By Todd Cohen
CHARLOTTE, N.C. — With support from five banks and a charitable foundation, a three-year-old Charlotte initiative is working with employers and a handful of social-service and community agencies to help low-income people better understand the value of saving money.
“People just aren’t saving enough money,” says Alecia Bracy, executive director of CharlotteSaves, the local initiative. “They are cash-poor, living in debt and falling prey to predatory businesses out there in the community.”
Only 43 percent of Americans, including only 23 percent of African Americans and 21 percent of Hispanics, hold savings accounts, she says.
CharlotteSaves is one of more than 50 local affiliates of AmericaSaves, an initiative of the Consumer Federation of America in Washington, D.C., that provides workshops, coaching and financial planning to help people get out of debt and create equity.
More than 1,650 people have enrolled in CharlotteSaves programs and pledged to save more than $1 million.
While its typical client is a working person with annual household income of less than $50,000, CharlotteSaves also offers support for people who do not have jobs.
The group, which offers all its programs for free, covers its $80,000 annual budget with support from Bank of America, which recently announced it was giving the group $25,000, and from First Citizens, First Charter, RBC Centura, Wachovia and the Sisters of Mercy Foundation, which contributed $25,000 in 2003.
The Consumer Federation of America also contributed $10,000 in 2003 and is expected to equal that contribution this year, says Bracy, who joined the group last August after serving as director of development for the Afro-American Cultural Center.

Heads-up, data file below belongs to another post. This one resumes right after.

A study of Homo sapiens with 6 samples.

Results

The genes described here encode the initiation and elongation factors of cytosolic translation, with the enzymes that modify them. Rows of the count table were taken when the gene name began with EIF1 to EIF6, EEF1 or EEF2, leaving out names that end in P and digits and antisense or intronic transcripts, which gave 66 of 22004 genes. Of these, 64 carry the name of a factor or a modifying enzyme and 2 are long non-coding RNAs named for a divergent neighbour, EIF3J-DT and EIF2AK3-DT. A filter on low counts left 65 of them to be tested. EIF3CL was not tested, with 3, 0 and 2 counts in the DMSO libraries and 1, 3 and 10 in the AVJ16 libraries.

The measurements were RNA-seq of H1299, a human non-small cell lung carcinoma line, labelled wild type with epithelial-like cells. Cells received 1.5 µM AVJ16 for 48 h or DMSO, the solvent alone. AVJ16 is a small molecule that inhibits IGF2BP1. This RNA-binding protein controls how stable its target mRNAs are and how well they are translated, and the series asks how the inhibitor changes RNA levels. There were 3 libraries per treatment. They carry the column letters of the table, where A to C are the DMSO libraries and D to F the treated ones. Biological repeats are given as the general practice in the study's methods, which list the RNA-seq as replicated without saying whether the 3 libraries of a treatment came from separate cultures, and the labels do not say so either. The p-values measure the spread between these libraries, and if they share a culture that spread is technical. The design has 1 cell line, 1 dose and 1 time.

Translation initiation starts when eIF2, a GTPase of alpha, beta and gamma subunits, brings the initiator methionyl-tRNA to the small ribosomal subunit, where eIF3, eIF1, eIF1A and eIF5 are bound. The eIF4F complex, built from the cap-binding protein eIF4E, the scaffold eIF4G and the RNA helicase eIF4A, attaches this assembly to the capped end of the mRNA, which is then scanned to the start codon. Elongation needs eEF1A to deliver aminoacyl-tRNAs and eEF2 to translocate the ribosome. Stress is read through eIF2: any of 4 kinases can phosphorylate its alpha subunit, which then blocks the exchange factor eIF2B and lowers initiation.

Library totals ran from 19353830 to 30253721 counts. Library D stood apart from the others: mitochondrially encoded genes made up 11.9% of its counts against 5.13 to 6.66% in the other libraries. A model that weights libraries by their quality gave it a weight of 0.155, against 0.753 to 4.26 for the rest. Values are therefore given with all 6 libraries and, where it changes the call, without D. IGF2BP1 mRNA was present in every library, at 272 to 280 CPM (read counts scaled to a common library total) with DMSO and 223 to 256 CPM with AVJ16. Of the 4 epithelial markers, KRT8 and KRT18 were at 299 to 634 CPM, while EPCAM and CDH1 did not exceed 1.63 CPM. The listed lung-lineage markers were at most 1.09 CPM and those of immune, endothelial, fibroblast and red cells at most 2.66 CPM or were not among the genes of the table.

CharlotteSaves offers a series of financial literacy workshops that address topics ranging from budgeting and investing to credit, home-ownership and paying for an education.
The group reaches clients mainly in the workplace, asking employers if it can offer its service to employees.
Currently providing workshops in more than 50 worksites, CharlotteSaves also has teamed up with Crisis Assistance Ministries, Goodwill Industries, Mecklenburg County Department of Social Services, community development corporations and public libraries.
Clients who request assistance from Crisis Assistance Ministries at least twice within a 12-month period, for example, are required to attend a workshop offered by Consumer Credit Counseling that addresses issues of savings and credit, and then receive one-on-one counseling from CharlotteSaves to help them create a budget and set goals.
CharlotteSaves also offers workshops on savings to clients for whom Goodwill Industries tries to find jobs through its WorkFirst program, and then works with them one-on-one to set up a budget.
Clients enrolled in the “individual development account” program of Mecklenburg’s social services department who agree to save $1,000 enroll in a series of financial-literacy workshops, including one offered by CharlotteSaves.
The group also has teamed up with Charlotte’s five community development corporations to provide one-on-one coaching to prepare them for the development corporations’ home-ownership programs.
And it has formed a partnership to offer wealth-building workshops at all 22 of Charlotte’s public libraries, and plans this fall to hold a fundraising seminar on savings and money that will feature a national speaker.
Bracey also serves on the steering committee of North CarolinaSaves, a new initiative to expand the kind of financial-literacy programs offered in Charlotte throughout the state.